Halloween's a holiday that Phish built their reputation for unpredictability on – since 1994, when a show by the band's fallen on October 31st, they've celebrated by donning a “musical costume” covering a band's classic album in its entirety, and keeping its identity secret until the day of the show.
That first year, it was The White Album; since then, they've tackled classics from the Talking Heads (Remain in Light), the Who (Quadrophenia) and the Velvet Underground (Loaded)
But yesterday, at Festival 8, their three-day fest at the Coachella field in Indio, the stakes were even higher: not only has the band not played on Halloween in over a decade, but, through an elaborate animation on their website, they build anticipation by whittling down a list of nearly 100 albums to eight possibilities, which ranged from the esoteric (Genesis's The Lamb Lies Down On Broadway) to hipster-popular (MGMT's Oracular Spectacular) to the absolutely ridiculous (Larks Tounges in Aspic, King Crimson's dense, technical masterpiece of pretension).
So when their choice for this year, the Rolling Stones' eclectic, 1972 Exile in Main Street was made clear via a ridiculously in-joke filled “Phishbill” (which included faux ads for a David Bowie/UB40 double-bill in Florida for New Years, and Time Turns Elastic Waistband Sweat Pants), it wasn't so much a shock as the safest pick from the shortlist. What they did with it, however, was a different story altogether.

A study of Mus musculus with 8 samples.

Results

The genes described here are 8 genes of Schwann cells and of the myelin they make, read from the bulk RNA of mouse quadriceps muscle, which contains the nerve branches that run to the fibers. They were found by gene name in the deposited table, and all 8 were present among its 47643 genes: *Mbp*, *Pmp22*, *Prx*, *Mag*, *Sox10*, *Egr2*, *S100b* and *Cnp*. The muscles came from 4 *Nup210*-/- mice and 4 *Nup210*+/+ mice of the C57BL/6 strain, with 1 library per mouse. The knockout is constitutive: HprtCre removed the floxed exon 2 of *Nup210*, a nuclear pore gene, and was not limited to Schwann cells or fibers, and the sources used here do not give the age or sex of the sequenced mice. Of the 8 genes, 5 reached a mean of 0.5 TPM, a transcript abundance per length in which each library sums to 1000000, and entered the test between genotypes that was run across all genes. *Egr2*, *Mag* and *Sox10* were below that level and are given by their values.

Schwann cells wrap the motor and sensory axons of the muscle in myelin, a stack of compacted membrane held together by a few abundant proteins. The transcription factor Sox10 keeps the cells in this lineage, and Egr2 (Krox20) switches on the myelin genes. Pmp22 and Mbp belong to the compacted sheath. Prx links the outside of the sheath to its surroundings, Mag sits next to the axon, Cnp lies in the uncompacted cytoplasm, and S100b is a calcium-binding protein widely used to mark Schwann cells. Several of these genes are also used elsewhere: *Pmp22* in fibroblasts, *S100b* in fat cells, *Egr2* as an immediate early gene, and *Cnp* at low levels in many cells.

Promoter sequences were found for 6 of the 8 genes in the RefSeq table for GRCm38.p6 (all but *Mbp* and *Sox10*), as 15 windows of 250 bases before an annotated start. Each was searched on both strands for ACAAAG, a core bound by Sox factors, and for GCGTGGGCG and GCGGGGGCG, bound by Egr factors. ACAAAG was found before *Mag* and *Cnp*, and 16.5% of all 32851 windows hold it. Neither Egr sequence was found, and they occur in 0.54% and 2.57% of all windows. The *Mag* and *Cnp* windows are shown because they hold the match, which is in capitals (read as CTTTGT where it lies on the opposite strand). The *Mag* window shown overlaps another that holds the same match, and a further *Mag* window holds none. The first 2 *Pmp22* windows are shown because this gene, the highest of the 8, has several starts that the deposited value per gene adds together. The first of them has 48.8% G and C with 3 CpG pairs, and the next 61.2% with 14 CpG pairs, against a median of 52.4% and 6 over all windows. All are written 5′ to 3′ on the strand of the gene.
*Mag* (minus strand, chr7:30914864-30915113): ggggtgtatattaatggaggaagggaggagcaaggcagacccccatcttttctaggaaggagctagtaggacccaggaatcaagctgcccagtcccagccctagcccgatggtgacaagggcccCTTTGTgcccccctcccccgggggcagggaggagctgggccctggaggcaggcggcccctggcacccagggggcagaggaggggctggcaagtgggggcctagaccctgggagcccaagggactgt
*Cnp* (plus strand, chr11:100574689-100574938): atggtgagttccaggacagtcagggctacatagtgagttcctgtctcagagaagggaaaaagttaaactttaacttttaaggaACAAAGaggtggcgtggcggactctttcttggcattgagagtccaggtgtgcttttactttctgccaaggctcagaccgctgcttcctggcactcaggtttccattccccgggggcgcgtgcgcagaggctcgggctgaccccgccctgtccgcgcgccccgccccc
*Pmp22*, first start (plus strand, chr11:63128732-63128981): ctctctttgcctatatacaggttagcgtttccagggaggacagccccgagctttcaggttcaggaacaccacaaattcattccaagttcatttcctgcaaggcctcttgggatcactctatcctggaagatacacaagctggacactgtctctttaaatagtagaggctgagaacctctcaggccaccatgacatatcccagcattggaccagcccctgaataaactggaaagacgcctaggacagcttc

From the first seconds – the slow burn of “Rocks Off” – it was clear that Phish had taken the task of tackling the record seriously, adding a three-piece horn section and two backup singers (including Dap-Kings soul survivor Sharon Jones) to do the album's dirty work. What was most impressive, however, wasn't the replication of songs like “Sweet Virginia,” it was the reworked arrangements that honored the originals while showcasing both the band's primary members and their just-for-tonight counterparts. “Loving Cup,” long a Phish live staple, became an energetic, frenetic celebration with Jones and guitarist Trey Anastasio yelping vocal lines together, while “Shine A Light” reached gospel-style crescendos effortlessly, the desert's palm trees providing a cinematic backdrop to the far-reaching instrumentals.
Unsurprisingly, though, the day's real highlight came at the end of the next set, when the band invited the backup musicians back for their own song, “Suzy Greenberg.” Like many experiments Phish has tried over the years, it became clear through the singers ridiculous vocal acrobatics and the horn section's insistence on pushing the energy that so much focus was put into getting “Exile” right that the band actually forgot to let loose.
Instead, here was what fans who made the trek were actually looking for: a celebratory freak-fest with no actual boundaries, only musicians on a stage exploring the limits of how far they could take an idea before it beautifully implodes.